Eight years ago, Annie Modica was an art instructor at Bel Aire Elementary School in Tiburon.
Today, she runs a nationally recognized design studio with 12 employees, a roster of high-end clients and gross annual revenues approaching seven figures. "We knew that it would appeal to a lot of people," she said. "I think they have an appeal to a really wide range of people. She uses so many different types of patterns and images that they're evocative of different lifestyles. They can fit into many different home environments."
The keys to her success? Paper, scissors and glue.
"I've been self-trained," said Modica, a specialist in decoupage. "I was always kind of creative. I always had kind of a pent-up creative ability that seems to continue to come out."
Decoupage is the craft of cutting designs and images from paper, gluing them to surfaces and sealing them with lacquer or resin. The technique is used to produce decorative trays, stools and other home furnishings.
For Modica, it began as a hobby. At the time, she was going through a painful divorce and was seeking a distracting avocation and some extra money; coincidentally, a San Rafael business had donated a batch of paint to refurbish a Bel Aire classroom.
Modica went to pick up the paint, but it was far more than the school needed. Nonetheless, the donors insisted she haul off the entire pallet of paint cans.
"They put it on with a forklift and I was going around the corner and it spilled in the middle of the road," said Modica, 48, of Mill Valley.
The mess led police to cite Modica. But she took some of the extra paint home and found the hobby she was looking for - painting on glass, which led to her painting her first tray, which led to her first sale, which led to her painting another tray.
"It just grew from there," she said.
Now Modica and her crew, working out of a converted 2,000-square-foot Quonset hut in San Rafael's industrial Andersen Drive area, produce hundreds of pieces a year for retailers throughout the country, including Gump's and Saks Fifth Avenue. The studio's creations include butler-style trays, Lazy Susans, wastebaskets, tissue-box covers and stools.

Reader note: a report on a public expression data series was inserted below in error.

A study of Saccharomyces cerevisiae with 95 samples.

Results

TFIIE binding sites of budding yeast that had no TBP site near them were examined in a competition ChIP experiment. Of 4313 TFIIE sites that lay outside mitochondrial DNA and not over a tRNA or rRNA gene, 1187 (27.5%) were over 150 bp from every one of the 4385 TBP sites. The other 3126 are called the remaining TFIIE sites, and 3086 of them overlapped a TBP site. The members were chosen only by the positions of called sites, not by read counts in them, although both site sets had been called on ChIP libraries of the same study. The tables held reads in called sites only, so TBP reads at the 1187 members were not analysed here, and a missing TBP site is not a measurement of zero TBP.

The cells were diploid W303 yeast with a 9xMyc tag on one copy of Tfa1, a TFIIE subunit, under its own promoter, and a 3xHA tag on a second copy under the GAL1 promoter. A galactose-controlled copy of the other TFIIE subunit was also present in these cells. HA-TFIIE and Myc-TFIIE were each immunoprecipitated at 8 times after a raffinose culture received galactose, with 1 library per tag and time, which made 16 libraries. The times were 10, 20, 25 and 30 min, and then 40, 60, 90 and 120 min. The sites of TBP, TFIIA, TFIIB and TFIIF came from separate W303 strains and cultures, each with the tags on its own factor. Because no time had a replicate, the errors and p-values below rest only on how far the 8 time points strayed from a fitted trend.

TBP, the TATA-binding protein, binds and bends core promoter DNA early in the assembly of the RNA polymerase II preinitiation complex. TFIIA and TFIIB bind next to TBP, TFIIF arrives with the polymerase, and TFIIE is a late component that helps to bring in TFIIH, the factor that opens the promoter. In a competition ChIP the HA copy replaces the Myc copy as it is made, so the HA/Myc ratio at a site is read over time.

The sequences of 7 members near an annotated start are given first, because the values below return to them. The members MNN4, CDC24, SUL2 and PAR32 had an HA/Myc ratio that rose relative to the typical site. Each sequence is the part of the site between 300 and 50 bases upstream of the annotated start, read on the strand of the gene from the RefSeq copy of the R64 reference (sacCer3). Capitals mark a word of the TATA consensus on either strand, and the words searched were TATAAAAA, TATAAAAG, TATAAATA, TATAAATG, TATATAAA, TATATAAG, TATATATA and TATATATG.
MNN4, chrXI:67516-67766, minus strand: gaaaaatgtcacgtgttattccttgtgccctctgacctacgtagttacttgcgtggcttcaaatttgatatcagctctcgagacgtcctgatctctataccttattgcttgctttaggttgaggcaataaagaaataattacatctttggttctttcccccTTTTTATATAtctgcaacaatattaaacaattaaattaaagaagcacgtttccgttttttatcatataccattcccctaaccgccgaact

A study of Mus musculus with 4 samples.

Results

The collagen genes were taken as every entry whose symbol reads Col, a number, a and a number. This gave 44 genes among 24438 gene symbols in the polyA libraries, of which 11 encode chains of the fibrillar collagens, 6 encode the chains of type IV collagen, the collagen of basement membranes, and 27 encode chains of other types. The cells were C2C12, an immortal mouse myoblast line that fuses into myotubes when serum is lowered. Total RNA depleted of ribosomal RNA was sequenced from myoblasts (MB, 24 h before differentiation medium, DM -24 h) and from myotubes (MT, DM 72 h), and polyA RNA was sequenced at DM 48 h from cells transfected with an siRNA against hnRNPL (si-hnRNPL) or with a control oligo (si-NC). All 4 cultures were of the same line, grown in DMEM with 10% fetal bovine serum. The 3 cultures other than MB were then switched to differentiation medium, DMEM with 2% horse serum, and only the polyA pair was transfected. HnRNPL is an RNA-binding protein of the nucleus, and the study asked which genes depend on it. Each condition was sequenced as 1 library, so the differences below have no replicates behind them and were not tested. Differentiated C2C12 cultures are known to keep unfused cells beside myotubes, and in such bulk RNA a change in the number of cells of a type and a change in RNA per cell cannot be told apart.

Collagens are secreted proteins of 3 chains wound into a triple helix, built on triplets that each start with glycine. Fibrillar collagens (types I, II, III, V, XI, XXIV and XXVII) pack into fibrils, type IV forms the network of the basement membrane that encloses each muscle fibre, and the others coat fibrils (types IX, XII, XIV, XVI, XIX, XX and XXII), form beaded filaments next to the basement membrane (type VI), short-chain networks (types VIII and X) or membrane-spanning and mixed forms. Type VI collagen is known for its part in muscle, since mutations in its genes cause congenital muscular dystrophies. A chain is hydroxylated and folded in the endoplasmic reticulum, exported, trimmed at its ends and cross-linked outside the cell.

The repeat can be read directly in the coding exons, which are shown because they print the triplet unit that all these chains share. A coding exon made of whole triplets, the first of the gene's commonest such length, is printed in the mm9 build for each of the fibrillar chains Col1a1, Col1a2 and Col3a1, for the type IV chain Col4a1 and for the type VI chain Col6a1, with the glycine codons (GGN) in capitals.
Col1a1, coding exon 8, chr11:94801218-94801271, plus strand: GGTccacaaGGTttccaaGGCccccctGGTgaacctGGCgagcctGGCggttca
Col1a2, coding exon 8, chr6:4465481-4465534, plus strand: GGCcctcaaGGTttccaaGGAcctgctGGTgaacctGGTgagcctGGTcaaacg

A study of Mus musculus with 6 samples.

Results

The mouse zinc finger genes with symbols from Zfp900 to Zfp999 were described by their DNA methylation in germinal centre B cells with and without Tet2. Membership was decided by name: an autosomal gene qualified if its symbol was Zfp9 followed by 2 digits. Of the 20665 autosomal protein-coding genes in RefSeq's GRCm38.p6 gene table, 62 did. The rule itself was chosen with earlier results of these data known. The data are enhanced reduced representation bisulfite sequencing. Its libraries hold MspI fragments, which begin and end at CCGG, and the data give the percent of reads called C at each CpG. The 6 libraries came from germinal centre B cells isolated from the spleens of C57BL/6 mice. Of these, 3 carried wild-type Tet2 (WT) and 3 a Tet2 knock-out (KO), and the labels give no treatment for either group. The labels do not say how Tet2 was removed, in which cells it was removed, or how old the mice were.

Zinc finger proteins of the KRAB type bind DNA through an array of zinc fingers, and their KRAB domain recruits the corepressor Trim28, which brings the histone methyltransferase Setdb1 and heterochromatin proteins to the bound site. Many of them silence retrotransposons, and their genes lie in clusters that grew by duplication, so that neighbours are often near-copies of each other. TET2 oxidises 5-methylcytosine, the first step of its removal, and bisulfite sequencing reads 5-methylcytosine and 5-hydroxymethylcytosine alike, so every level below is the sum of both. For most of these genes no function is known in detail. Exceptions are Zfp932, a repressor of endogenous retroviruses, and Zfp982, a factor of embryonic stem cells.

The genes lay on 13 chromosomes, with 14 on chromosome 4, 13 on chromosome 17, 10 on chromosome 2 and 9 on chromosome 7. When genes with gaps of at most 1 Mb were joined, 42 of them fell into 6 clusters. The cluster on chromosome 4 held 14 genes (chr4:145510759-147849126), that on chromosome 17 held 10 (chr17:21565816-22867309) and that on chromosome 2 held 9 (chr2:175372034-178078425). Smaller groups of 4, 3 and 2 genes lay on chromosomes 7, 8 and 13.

Carmen Roberson, director of retail marketing for Gump's in San Francisco, said the most popular Annie Modica items are her trays. Modica designs a line of trays exclusively for Gump's, featuring images of San Francisco landmarks and old Gump's posters. Prices range from $175 to $295 for three sizes.
"They're beautiful, functional pieces," Roberson said. "You can actually use them, and they're very well made."
Modica's decoupage is also carried by smaller shops throughout the country. In Falmouth, Mass., Lisa Kerr carries Annie Modica trays and Lazy Susans at two stores she co-owns - Oolala, a high-end gift shop, and Oolala Home, an adjacent home furnishings store.
Kerr said she discovered Modica's work at the New York International Gift Fair and thought her work would be a good fit for the Cape Cod market, where some customers have contemporary, funky tastes and others are more traditional.
"It's gorgeous and it's unique," Carpenter said. "It's just so unique, and everybody knows she started out of her kitchen. She's almost like a superstar. You have no idea how many people say, 'Oh, I love Annie's stuff.'"
Maxine Lord, 78, of Tiburon was shopping for a gift for her daughter last Christmas and came upon a selection of Modica trays at Shorebirds. She bought one with a seashell theme in "beautiful colors."
(Note: Shorebirds has since closed. Please see the store locator to find Annie Modica products.
"I went, 'Oh, I gotta have that one,'" she said. "I don't have one yet, but I will. " They really are beautiful, there's no doubt about it."
The production process at Modica's studio is elaborate. The raw wooden furnishings are milled and assembled in large quantities at a nearby company, then stacked in Modica's warehouse on De Luca Place.
Modica designs the compositions herself, cutting images from old picture books and other sources. The compositions are then reproduced and attached to the furnishings by Modica's production workers.
"Every single work is different," said Susie Rivera, 25, of San Rafael, who joined the assembly staff five years ago. "You can use your imagination."
Each furnishing receives numerous layers of glue, paper, handpainting and, finally, resin sealant. The hand-mixed resin is applied is a special room called "the hole" - where the temperature is maintained at 83.7 degrees and the environment is kept free of hair and particles that might stick to the resin. The overall process takes about two weeks.
Modica says the thing that differentiates her decoupage from others is the attention to detail. Whereas many decoupage pieces are only sealed on the horizontal surfaces - the bottom of a tray or wastebasket, or the seat of a stool - Modica's staff meticulously applies resin to even the vertical surfaces.
The comprehensive resin finish enables to owner to clean or wash the entire object, Modica said.
"This is really what separates me from the rest of the pack," she said.
Modica estimated her company's gross annual revenues at about $800,000, and she hopes to reach $1 million this year.
Modica's sister, Cheryl Modica, recently opened a store called Modica Home in San Francisco.
"I've been very lucky," she said. "Most people like me have not been able to survive in the United States."